How Hillary Clinton’s Historic Win Changes the Game for Girls


They were told not to express their opinions too strongly — it’s not polite. To not challenge a man — it’s not ladylike.

For those girls, many of them now mothers with little girls of their own, what happened Tuesday night was more than a political triumph.

Regardless of party persuasion, Hillary Clinton’s victory is the definition of historic: She became the first female presidential nominee of a major political party.

Her chances of becoming president — the first woman head of state in America’s 238-year history — are now much closer to reality.

“When I was a kid I was never told, ‘You could be president one day.’ My brothers were,” Emily Dreyfuss, a writer with Wired magazine, tweeted Tuesday. “I could be an actress, a teacher, a mother, a writer!”

Be what you want to be

The impact of the moment was not lost on Clinton.

Before she took the stage to a euphoric victory rally, she posted two photos to her Instagram page.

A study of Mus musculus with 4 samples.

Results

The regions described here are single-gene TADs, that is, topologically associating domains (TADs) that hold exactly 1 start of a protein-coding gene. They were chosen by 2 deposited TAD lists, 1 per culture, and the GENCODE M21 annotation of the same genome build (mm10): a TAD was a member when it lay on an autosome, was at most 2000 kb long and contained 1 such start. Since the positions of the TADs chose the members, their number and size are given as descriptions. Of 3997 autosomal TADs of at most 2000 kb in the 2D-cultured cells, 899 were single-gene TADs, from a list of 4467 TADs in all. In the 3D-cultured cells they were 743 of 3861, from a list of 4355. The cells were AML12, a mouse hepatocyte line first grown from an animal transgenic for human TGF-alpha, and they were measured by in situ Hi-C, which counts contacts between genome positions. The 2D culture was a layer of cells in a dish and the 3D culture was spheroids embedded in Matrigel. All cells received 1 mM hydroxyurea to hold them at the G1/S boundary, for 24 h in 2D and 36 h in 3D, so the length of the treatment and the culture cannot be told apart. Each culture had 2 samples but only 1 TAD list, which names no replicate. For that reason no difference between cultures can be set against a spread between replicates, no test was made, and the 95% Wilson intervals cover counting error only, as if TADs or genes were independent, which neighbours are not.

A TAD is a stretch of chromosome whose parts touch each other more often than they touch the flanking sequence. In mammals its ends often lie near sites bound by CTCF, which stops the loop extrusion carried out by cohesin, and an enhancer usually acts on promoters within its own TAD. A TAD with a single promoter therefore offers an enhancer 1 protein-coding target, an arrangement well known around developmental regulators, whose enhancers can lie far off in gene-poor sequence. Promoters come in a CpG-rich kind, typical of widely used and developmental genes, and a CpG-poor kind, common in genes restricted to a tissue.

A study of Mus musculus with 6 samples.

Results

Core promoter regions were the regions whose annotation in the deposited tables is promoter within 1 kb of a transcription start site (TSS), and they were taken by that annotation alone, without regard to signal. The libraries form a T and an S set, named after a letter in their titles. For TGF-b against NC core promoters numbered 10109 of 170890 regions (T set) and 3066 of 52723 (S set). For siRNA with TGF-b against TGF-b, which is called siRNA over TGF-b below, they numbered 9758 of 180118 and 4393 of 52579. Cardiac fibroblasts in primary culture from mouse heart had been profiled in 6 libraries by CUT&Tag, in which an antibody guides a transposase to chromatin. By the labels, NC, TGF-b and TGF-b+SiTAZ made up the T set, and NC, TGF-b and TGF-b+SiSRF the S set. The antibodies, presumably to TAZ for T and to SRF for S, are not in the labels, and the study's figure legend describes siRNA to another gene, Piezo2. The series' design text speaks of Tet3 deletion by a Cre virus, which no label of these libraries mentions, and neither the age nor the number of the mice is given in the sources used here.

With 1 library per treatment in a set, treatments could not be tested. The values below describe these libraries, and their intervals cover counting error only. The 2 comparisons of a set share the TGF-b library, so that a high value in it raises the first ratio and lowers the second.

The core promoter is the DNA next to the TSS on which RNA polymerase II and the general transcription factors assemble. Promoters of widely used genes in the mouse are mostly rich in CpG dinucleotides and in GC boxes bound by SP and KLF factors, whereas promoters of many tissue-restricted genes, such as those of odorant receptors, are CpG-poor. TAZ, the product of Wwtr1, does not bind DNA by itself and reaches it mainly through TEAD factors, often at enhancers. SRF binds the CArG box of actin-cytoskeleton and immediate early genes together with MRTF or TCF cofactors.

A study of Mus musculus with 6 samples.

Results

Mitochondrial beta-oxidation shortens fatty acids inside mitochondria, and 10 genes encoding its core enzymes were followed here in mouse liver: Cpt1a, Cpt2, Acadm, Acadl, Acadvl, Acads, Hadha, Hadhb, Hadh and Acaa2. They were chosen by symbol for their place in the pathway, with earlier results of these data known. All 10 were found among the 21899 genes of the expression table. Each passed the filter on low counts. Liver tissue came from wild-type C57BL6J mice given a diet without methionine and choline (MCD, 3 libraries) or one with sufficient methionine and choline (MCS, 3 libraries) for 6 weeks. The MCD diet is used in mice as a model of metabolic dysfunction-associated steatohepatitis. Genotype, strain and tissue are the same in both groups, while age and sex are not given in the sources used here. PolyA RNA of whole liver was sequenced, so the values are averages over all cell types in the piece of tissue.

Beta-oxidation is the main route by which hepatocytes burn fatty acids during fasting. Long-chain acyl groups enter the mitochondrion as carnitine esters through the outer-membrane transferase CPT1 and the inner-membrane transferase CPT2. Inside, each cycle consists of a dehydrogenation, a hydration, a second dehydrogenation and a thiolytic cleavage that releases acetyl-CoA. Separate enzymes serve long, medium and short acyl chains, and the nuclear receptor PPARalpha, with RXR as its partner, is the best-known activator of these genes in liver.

The first was a picture of her in a hallway with a little girl.

“To every little girl who dreams big: Yes, you can be anything you want—even president. Tonight is for you,” the presumptive Democratic presidential nominee said.

The second was her going over her speech, pen in hand. The caption simply read: “Ready.”

Witnessing history

On stage, Clinton talked about the role her mother played in shaping her future. Dorothy Rodham was born the day Congress passed the 19th Amendment — which allowed women to vote.

“My mother believed that life is about serving others. And she taught me never to back down from a bully — which it turns out was pretty good advice,” Clinton said.

“I wish she could see her daughter become the Democratic party’s nominee.”